Whether you have just welcomed your first child, plan on expanding your family or have teenage children, it is important to consider who would take care of your children should you and your partner both be unexpectedly incapable of doing so.
Although it can be an emotional and confronting thought, one of the main reasons for a parent of a young child or children to make a Will is to document who you intend to take care of your children should both parents be incapable of doing so.
Nominating a ‘guardian’ ensures that your wishes as to who should take legal responsibility for the care and parenting decisions of your children are known, particularly in the event that both parents or carers unexpectedly pass away.
When a parent of a minor child passes away, the Family Court makes a guardianship order based on the best interests of the child. The Court will strongly consider the wishes left in your Will but will ultimately appoint the most appropriate guardian at the time. This reflects the fact that the circumstances of your children or chosen guardian may have changed since you executed your last Will.
If the appointed person accepts the guardianship order, they will take on all of the rights and duties for the child that a parent would normally hold. This often includes the authority to make decisions about accommodation, health care and education.
The guardianship order will only apply for minor children (under 18 years of age) and it will formally end on their 18th birthday, unless the child has a disability that requires an ongoing guardian.
If only one parent passes away, the surviving parent will usually be the legal guardian for your child.
This will be the case unless the surviving parent is unable or unwilling to take on or resume parental responsibility, or the Court decides that living with this parent would not be in the best interests of the child. Such a decision is generally made where it would be an unsafe or unstable environment for your child.
You can nominate anyone to be the preferred guardian of your child or children, as long as they are over 18 years of age and consent to the appointment.
You can choose more than one guardian, such as the children’s grandparents jointly, if you are confident that they will work well together and their shared duties will not have a negative impact on your children.
We recommend that you consider the following when deciding who to nominate:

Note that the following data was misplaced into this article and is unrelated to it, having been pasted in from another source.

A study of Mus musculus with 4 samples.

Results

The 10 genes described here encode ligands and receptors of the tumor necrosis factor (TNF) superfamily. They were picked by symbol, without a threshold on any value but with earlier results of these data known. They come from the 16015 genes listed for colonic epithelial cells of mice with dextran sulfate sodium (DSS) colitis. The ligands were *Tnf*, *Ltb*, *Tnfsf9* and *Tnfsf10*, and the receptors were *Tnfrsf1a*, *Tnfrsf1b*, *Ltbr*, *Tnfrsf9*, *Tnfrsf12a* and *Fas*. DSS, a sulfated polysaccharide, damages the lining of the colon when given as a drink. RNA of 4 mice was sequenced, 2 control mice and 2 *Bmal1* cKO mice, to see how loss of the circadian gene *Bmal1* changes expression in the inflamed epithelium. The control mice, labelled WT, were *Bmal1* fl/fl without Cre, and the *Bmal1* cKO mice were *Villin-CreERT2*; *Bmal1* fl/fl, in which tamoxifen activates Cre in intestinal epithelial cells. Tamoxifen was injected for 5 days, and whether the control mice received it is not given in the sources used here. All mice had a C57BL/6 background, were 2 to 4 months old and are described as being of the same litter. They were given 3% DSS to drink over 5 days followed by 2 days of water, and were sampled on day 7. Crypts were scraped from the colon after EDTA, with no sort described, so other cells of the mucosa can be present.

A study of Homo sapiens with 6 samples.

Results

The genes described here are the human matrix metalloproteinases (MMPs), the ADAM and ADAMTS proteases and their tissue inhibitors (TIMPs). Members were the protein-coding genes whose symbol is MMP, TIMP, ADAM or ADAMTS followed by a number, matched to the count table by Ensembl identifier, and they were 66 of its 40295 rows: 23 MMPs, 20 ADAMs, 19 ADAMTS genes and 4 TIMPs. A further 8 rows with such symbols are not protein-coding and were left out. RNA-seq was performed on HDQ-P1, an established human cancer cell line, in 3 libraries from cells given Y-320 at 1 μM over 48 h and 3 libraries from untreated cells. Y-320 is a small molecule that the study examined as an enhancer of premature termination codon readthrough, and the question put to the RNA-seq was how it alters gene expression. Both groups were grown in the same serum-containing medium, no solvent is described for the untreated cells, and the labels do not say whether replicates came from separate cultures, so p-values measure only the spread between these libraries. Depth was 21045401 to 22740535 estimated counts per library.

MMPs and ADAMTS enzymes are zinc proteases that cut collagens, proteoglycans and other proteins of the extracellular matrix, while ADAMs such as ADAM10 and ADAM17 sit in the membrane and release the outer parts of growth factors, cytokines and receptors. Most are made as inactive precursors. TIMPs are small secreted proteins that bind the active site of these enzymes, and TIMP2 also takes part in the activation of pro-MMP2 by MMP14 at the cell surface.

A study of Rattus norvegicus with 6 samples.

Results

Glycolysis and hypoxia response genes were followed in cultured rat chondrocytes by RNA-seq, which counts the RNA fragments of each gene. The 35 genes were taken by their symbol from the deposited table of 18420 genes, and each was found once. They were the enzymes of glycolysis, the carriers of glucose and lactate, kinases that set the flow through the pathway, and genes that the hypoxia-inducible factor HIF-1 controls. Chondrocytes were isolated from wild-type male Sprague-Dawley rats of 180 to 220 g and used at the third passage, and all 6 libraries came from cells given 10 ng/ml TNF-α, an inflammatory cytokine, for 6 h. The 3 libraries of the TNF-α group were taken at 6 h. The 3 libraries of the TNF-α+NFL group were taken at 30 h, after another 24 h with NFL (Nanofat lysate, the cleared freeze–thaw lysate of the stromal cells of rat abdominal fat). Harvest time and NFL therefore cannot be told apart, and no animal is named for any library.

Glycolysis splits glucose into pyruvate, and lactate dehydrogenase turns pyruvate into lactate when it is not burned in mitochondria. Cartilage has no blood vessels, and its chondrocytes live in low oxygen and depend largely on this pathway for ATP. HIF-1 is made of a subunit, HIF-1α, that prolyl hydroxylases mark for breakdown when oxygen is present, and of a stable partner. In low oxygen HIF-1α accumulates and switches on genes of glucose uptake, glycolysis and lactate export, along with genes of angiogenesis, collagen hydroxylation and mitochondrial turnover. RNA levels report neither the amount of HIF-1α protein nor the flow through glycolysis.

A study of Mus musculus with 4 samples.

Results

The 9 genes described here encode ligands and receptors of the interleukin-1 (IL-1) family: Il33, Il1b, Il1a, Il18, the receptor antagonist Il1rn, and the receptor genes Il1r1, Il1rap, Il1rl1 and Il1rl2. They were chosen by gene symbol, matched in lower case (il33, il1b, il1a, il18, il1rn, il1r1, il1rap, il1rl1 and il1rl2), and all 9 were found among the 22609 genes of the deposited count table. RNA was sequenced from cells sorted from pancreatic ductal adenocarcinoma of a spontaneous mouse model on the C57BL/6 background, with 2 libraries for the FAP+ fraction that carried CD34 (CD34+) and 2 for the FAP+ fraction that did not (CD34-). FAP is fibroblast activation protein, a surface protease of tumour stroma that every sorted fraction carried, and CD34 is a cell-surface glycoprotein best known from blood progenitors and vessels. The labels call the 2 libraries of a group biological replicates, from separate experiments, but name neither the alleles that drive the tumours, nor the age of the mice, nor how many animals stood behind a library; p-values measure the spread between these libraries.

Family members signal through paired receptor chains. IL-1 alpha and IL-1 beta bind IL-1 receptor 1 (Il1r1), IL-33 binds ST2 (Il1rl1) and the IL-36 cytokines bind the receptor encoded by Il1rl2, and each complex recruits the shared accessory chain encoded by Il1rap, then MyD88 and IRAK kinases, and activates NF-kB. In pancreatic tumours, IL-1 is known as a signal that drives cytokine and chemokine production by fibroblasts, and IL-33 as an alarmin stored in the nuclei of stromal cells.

(a) Similarities in lifestyle, values and religious beliefs;
(b) Who your child already has a bond with;
(c) Whether the prospective guardian has or is planning to have children, and the relative ages of your children and their children;
(d) The potential transition for your child in terms of living environment and location; and
(e) The physical, financial and emotional capacity of the prospective guardian to take on the responsibility of caring for your child/children.
Before nominating a guardian, it is a good idea to discuss your expectations and intentions with the prospective guardian to ensure that they would be happy to take on this role, if necessary. You may wish to share a set of guidelines which sets out your wishes in the event you pass away.
A Guardian should not be required to meet your child’s living expenses from their own funds.
When preparing your Will, we will normally include a direction that your executors should make available to the Guardian such funds as are required to meet the reasonable accommodation, education and other living expenses of your children from your estate, or that the Guardian be reimbursed for expenses relating to the care of your child (to the extent possible).
Usually a statement of wishes will set out guidance for the Guardian in making parenting decisions for your child, such as where you would like your child to live, go to school or how expenses for the child should be paid.
You can either include a statement of wishes in your Will (to ensure it is not missed or neglected) or as a separate document that is kept with your Will (which makes it easier to update over time as your circumstances change).
In the event that there are no written instructions in your Will or a statement of wishes, and both parents pass away, then any person with a sufficient interest can apply for guardianship of your minor children, such as grandparents, aunties and uncles or others close to your children and concerned as to their care.
In such situations, it is up to the Family Court to decide who should become the legal guardian of your minor children without your guidance. This situation is not ideal as the Family Court may appoint a person as guardian who is not the person you would want to raise your children, or may lead to disputes between family members as to who should have been appointed.
It is generally up to an adult child to decide where and with whom they want to live, and make other lifestyle decisions. However, if an adult child lacks decision making capacity due to a mental disability, a Tribunal can make a guardianship order to enable someone to assist the child with their personal matters.
The Tribunal will consider any wishes you leave behind in relation to your preferred guardian and any restrictions or conditions that should be placed on the guardianship order.
Your child is also able to request a different guardian or different conditions if they are unhappy with the guardianship order made by the Tribunal.
Otherwise, there are a few different options available to plan for the care and maintenance of an adult child should you wish to protect the assets they receive from your estate (as opposed to the lifestyle decisions that a Guardian will make).
Our experienced team of succession and family law lawyers can assist you in planning for your children’s care should you and your partner pass away unexpectedly, providing you with peace of mind that you have a detailed plan in place for the future care of your children.